Airlines cancelled hundreds of flights to and from German airports on Monday as security workers across the country went on strike amid a wage dispute.
Security workers are staging a full-day walkout at airports including Duesseldorf, Cologne/Bonn and Berlin on Monday, and further strikes have been called for Tuesday, among others in Frankfurt and Hamburg.
Numerous flights were cancelled at Frankfurt Airport due to the strike organized by trade union ver.di, German news agency DPA reported. Starting at 2am, employees of the cargo and passenger controls at Germany’s largest airport stopped working, a ver.di spokesperson said in the morning.
Only passengers with layovers were able to go through security checks in Frankfurt. Airport operator Fraport had called on all travelers hoping to board in Frankfurt not to travel to the airport.
According to Fraport, 130 of 818 flights planned for Tuesday were cancelled. Originally, about 71,000 passengers had been expected at the airport that day.
Employees at Hamburg, Stuttgart and Karlsruhe/Baden-Baden airports also walked out of their jobs. In Munich, Germany’s second-largest airport, a walkout has been underway since Monday afternoon.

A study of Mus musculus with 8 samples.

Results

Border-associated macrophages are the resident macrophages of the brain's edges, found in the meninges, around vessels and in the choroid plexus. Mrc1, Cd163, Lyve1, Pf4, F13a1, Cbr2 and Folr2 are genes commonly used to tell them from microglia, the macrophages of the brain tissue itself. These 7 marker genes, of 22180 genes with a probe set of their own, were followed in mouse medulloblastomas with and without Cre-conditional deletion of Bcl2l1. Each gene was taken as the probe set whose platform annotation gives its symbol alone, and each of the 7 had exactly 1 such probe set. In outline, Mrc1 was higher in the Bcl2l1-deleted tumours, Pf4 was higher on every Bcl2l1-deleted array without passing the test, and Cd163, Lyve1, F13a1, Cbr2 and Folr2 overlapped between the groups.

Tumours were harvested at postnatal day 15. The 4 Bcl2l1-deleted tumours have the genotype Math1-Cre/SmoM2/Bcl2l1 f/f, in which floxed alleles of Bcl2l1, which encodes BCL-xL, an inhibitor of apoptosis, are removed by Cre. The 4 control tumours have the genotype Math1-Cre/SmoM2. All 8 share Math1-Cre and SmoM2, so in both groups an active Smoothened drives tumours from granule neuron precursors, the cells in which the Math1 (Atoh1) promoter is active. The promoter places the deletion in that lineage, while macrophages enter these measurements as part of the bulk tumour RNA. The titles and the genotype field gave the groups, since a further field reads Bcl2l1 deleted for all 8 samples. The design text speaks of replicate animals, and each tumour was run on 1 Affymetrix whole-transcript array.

Where has been affected by airline strikes?
Other airports including Berlin, Duesseldorf and Hannover cancelled dozens of flights on Monday due to one-day strikes there.
The walkouts are part of a wage dispute between ver.di and the Federal Association of Aviation Security Companies.
The union is negotiating with the employers’ association for a new agreement for about 25,000 security staff nationwide. Ver.di is demanding an increase in hourly wages of at least one euro, among other things.
Around 770 departures and arrivals were initially scheduled for Tuesday, serving close to 80,000 passengers, according to Fraport.
Labour union Verdi demands that employers raise the wages of airport security staff by at least 1 euro an hour for the next 12 months and that staff in different parts of Germany earn the same.
BDLS, the association of aviation safety companies, said all of Verdi's demands amounted to increases of up to 40 per cent and were "utopian".
Three rounds of negotiations have so far failed to produce a result. The sides plan to meet in Berlin later this week for further negotiations.